Monday, 28 September 2015
Main Range 017. Sword of Orion by Nicholas Briggs (February 2001)
It doesn’t feel nice slagging off Nick Briggs, who does some truly great work on occasion, but this feels stale in the extreme. In one sense, it is: based on the Audio Visuals story Briggs penned in the 80s. Unfortunately, Sword of Orion feels so pedestrian and lacklustre, so “standard slice of Doctor Who” it just can’t possibly go anywhere all that interesting. The familiar beats of such a story are all in place; the characters are pretty flat and insipid; the cliff-hangers are especially limp. It feels reminiscent of a tired, familiar 80s story clinging to former glories, and really doesn’t suit McGann’s Doctor all that well either. Sword of Orion wants to both advertise its status as “big Cyberman story” and keep the tension of the Cybermen’s appearance building. It’s a very hard thing to walk the tightrope and do both well. This story’s success relies on an enormous amount of goodwill in its direction on the basis of it resembling “classic” Doctor Who; yet at the same time it wants to be tense and gripping, and Briggs just isn’t up to the task in my view.
In a way that’s become irritatingly popular with Cyberman stories, this one does an incredible amount of harking back to former glories, right down to the Cybermat. There are also strong 1960s influences and more than a whiff of Earthshock. The Cybermen’s voices are slow, ponderous and not especially evocative on audio.
The characters are pretty uneventful. Charley and the Doctor are not especially well treated, and the supporting cast are very unmemorable. Character deaths come and go with zero impact. Michelle Livingstone puts in a reasonable performance as Deeva Jansen, but is given such a thin framework to play with, there’s just not much hope there – and the characters take far too long to realise who she is; she is somewhat redeemed in the final part of the story, even if it’s a bit too late in the day. Somehow, the dialogue here is for the most part awful. I can only assume Briggs did not rewrite the script much in the intervening 15 years of scriptwriting experience, because there’s a hell of a lot of dialogue howlers here (far more than usual).
There are some pluses: There’s one truly great scene, where Paul McGann’s Doctor confronts the Cybermen using as much logic as he can in Part Four. The ending is actually surprisingly well done; I like the imagery of the main characters and the Cybermen floating through space. And to give him his credit, Briggs knows how to direct. The 26th century space design is very effective, all clinks, bleeps, airlocks and intercoms, and complemented by a wonderful, rather space-opera score. As good as you’d expect from Big Finish by now. McGann and Fisher do their best with the meagre characterisation they’re given, and it’s a joy to hear them together however dire the script. The Orion War is quite a nice backdrop to the script (with a faint touch of Blade Runner), but it deserved to be explored in a better way than it is here.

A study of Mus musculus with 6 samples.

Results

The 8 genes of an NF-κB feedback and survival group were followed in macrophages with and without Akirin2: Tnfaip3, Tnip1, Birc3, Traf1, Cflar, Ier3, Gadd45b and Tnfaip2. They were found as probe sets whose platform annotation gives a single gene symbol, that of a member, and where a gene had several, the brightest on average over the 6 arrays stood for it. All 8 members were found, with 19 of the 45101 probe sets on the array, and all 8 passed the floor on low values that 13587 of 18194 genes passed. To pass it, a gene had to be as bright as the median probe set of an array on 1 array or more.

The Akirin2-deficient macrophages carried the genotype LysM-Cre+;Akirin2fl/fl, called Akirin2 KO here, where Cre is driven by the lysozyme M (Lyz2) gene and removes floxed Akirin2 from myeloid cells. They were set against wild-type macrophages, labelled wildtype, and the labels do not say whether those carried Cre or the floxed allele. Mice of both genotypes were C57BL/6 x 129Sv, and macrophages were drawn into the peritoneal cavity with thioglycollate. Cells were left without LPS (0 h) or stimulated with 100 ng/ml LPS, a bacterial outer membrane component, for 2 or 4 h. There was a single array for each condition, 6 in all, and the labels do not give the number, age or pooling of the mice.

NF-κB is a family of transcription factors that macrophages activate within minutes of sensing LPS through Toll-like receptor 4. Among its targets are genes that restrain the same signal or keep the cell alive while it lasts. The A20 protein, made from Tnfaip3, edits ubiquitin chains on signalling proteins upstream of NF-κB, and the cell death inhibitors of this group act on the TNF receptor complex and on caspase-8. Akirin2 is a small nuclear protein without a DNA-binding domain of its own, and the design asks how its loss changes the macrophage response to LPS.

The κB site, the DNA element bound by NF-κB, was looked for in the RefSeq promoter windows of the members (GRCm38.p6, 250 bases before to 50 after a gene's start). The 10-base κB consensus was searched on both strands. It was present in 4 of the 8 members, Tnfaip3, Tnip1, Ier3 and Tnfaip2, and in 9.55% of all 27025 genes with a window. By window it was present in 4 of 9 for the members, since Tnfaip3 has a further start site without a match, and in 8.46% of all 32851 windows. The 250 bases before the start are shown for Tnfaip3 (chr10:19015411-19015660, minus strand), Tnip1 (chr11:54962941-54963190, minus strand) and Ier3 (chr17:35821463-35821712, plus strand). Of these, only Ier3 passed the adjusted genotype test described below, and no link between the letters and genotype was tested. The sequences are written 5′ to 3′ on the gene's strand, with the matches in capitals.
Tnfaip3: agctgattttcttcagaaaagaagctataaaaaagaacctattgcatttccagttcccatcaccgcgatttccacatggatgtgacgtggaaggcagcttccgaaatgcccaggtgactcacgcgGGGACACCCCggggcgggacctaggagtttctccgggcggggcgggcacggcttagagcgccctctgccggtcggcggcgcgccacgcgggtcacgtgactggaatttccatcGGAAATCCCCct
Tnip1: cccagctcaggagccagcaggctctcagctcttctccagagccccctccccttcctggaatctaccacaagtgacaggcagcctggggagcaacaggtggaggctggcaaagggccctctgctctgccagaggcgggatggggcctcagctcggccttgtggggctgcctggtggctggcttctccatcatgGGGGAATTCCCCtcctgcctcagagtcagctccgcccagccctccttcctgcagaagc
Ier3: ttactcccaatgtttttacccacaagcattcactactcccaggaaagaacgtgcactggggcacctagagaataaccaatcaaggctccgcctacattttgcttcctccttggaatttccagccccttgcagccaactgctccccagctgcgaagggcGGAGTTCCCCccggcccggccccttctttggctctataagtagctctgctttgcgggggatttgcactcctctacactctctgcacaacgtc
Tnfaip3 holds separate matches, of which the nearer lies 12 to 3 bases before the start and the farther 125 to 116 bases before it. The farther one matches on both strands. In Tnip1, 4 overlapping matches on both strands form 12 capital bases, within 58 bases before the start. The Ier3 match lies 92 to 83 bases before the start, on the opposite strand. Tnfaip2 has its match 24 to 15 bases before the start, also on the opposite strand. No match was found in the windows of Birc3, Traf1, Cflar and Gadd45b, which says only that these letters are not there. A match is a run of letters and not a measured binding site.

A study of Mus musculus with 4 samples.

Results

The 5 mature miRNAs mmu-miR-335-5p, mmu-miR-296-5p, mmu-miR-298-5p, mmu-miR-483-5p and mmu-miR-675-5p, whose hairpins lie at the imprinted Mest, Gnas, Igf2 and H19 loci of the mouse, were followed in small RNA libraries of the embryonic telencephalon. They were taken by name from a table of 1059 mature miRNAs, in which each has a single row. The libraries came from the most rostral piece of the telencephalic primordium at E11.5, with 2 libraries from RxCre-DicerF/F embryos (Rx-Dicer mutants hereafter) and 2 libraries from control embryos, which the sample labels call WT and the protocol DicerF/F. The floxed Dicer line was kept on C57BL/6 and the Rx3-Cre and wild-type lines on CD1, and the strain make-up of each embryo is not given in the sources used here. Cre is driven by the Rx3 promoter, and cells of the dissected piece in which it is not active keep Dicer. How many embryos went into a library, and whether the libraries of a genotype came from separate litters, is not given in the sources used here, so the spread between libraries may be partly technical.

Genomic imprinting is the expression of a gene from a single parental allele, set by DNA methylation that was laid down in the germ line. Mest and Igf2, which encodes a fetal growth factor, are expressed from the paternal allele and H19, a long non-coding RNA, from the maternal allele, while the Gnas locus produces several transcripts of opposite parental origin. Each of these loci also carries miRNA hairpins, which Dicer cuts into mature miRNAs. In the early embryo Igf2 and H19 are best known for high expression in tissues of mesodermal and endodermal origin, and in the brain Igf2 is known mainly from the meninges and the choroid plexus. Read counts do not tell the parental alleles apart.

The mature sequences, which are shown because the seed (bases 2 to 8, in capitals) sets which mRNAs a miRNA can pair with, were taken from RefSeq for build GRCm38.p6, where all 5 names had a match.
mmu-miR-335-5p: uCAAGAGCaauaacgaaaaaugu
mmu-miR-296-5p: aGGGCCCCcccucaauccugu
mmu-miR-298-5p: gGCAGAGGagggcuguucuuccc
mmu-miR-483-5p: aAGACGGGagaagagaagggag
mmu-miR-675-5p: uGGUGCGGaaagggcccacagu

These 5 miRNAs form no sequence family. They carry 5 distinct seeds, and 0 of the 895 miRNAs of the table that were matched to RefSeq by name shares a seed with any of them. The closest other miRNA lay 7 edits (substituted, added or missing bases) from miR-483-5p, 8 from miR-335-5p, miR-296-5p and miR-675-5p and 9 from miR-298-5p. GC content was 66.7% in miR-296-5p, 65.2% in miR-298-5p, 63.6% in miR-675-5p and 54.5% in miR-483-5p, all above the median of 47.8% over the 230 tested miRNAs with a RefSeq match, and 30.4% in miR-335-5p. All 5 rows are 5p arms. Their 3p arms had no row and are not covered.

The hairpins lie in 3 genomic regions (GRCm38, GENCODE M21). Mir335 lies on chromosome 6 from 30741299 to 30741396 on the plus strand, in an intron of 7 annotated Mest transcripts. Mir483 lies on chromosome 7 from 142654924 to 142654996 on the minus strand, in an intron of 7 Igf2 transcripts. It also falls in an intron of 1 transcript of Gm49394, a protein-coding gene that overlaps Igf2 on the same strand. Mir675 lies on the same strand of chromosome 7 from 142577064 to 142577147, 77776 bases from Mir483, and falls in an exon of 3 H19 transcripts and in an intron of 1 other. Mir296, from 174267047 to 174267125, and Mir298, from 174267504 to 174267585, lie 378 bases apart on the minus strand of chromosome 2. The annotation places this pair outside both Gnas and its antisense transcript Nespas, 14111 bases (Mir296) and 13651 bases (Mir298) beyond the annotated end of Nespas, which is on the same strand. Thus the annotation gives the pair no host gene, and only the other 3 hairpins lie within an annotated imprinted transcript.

No, I’m afraid I can’t say very much that’s positive about this one. I’ve mentioned in earlier reviews that the crucial thing for Big Finish to do, in my view, is advance and expand the Doctor Who universe in a fascinating way. This is why The Shadow of the Scourge, The Holy Terror and The Marian Conspiracy have all been so interesting – they’ve added crucial and interesting elements or told new types of story. Sword of Orion falls far short of these lofty ideals. It’s backward-looking, trading on nostalgia, fails to create a new spin on a familiar narrative and is on the whole plain dull to boot. Disappointing.
I do like the echoey effect we get with Paul McGann and India Fisher’s voices when they’re talking in the TARDIS. It’s a nice nod to the spaciousness of his console room and by extension the other rooms in his TARDIS. The Vortisaur effects are evocative, too.
The Doctor admits he isn’t an expert in something!
For the second story in a run Eight is quite happy flying through the air, in this instance the grav-pad (“no bigger than a paving stone and travels at ten times the speed [of the R101]”).
The bazaar is an absolute delight, like the opening of a Hartnell story which launches the TARDIS crew into a strange world and just gives them the time to explore it. Charley’s little scene with the shopkeeper is nice and effective.
“But that’s inhuman!”/“We learn from our creators.” (We need more lines like this one!)
“A den of iniquity,” is how the Edwardian Charley describes the bazaar (she’s also disgusted at the idea of interbreeding).
McGann delivers “Everything’s cold in space, Charley” very nicely. His scornful chuckle at the Cybermen in Part Four is also a nice touch.
“You’re a nosy bugger, aren’t you?”/“Oh, he hasn’t started yet!”
"I hope you know what you're doing, Doctor, but I suppose it's a vain hope."
“Clawing helplessly at the void.”
Lovely continuity that the Eighth Doctor seems to be the biggest fan of tea.
“Cut the power!”/“They’ve cut the power.” FACEPALM.
“Is this your hobby….cause it’s a very dangerous hobby.” DOUBLE FACEPALM.
“You look terrified?”/“I am!” TRIPLE FACEPALM.
“The future of human society, in all its grim and grimy glory.” QUADRUPLE FACEPALM.“Resistance is useless!” I won’t even dignify this one with a facepalm, more just a sci-fi-saturated sigh.